Saturday, May 31, 2008

Last Call

Yesterday was the last day of classes in the upper school. There are still final exams, the prom, and graduation to be celebrated, but classes have ended. All week there has been excitement in the halls and it bursts out on Friday. We have Honors Convocation, which is an awards ceremony that features broad smiles (and dressed up teenagers). It's a nice way to start the end of the year.

I always enjoy the last week, and not just because summer vacation beckons. For me, the last week is a reminder to stop and appreciate the progress and accomplishment of the year. One of the best things about teaching is that as my students change I can truly see the accomplishments ---- the improved analytical skills; the better-written paragraph; a greater level of interest; a little more self-awareness.

The last week features all of that and some winding down. We linger over conversations, aware that though many of us will be back in September, it will be in different combinations. So there is something bittersweet in it all. This year's 2nd period will not be the same as next year's and in the last week, I take some time to appreciate what I've enjoyed about the year.

From the moment a student walks in the door of our school, whether in the 9th grade or the 1st, it's understood that one day they will leave. My job is to do part of the work to make that happen; so that when they walk out our door they are ready to succeed elsewhere. It's an interesting job in that way, because the projects are evolving all the time.

And I guess that's the challenge and joy of teaching. The work is always in flux; always in progress. Like the students themselves, things change. The lesson that was perfect last year doesn't go well this year. The best-laid plans are discarded because the students have far more questions about the Vietnam War (or whatever topic) than I expect. The Democratic primary doesn't end when I think that it will. A fellow teacher (who also writes about teaching) has pointed out that it's an art and a science. I couldn't agree more and I would add that the art and the science are incredibly demanding, often in unpredicatble ways.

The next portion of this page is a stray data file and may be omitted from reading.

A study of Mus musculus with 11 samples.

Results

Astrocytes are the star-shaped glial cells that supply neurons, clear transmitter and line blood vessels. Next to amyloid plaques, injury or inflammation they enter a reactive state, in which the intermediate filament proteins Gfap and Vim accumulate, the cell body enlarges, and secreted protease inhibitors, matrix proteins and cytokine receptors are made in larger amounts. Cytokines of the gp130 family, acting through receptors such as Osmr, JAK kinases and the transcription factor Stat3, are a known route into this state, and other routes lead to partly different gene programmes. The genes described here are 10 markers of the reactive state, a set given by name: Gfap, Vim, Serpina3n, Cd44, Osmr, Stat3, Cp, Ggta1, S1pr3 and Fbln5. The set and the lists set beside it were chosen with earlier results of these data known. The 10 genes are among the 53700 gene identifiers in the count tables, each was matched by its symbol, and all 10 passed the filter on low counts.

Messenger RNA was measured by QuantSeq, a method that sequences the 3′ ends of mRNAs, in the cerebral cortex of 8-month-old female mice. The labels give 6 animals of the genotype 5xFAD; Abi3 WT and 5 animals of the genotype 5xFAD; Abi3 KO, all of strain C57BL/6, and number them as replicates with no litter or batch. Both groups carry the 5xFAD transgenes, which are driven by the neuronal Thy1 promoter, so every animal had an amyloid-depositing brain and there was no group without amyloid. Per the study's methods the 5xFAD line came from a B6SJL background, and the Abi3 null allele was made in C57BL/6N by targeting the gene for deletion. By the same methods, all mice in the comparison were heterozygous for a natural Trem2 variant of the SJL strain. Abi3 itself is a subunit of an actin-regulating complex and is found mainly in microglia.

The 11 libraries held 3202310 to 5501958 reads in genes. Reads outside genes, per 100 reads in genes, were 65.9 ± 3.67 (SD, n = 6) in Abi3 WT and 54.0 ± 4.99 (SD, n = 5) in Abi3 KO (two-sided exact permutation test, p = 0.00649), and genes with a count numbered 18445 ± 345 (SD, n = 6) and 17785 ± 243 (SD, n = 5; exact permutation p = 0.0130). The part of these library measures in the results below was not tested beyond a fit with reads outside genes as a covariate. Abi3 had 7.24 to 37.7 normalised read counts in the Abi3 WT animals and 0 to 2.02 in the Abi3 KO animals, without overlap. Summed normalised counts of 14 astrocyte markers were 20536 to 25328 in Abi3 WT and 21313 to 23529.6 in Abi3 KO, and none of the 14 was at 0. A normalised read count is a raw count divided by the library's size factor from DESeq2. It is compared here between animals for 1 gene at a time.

So I am always glad for the break. I think that it's necessary. All of us need some rest and relaxation; a chance to refresh our energy for the exciting and enjoyable challenges (both predictable and unpredictable) that September will inevitably bring.

1 comment:

J.Bro said...

Art and science is exactly right, and I think it's why so many of my colleagues are brilliant researchers or statisticians, but abject failures in the classroom. I've talked to quite a few of them about it (sometimes informally, sometimes formally, like when the department asked me to mentor some first-year TAs) and the prevailing attitude among struggling TAs seems to be frustration.

Not the frustration you'd expect, though - mostly frustration at the students, who they blame for not understanding them. "I'm making myself perfectly clear, so I don't know what their problem is," is a common sentiment. But I've also done TA observation, and man, some people just don't have the art end of it down at all.

The thing about the art end of things, though, is that I don't think it has to be inborn. I think it's totally possible to learn that side of teaching, just like it's possible to learn the material, the policies, the science side.

I hope so, anyway, because I'm not satisfied enough with my teaching to stop learning how to do it better.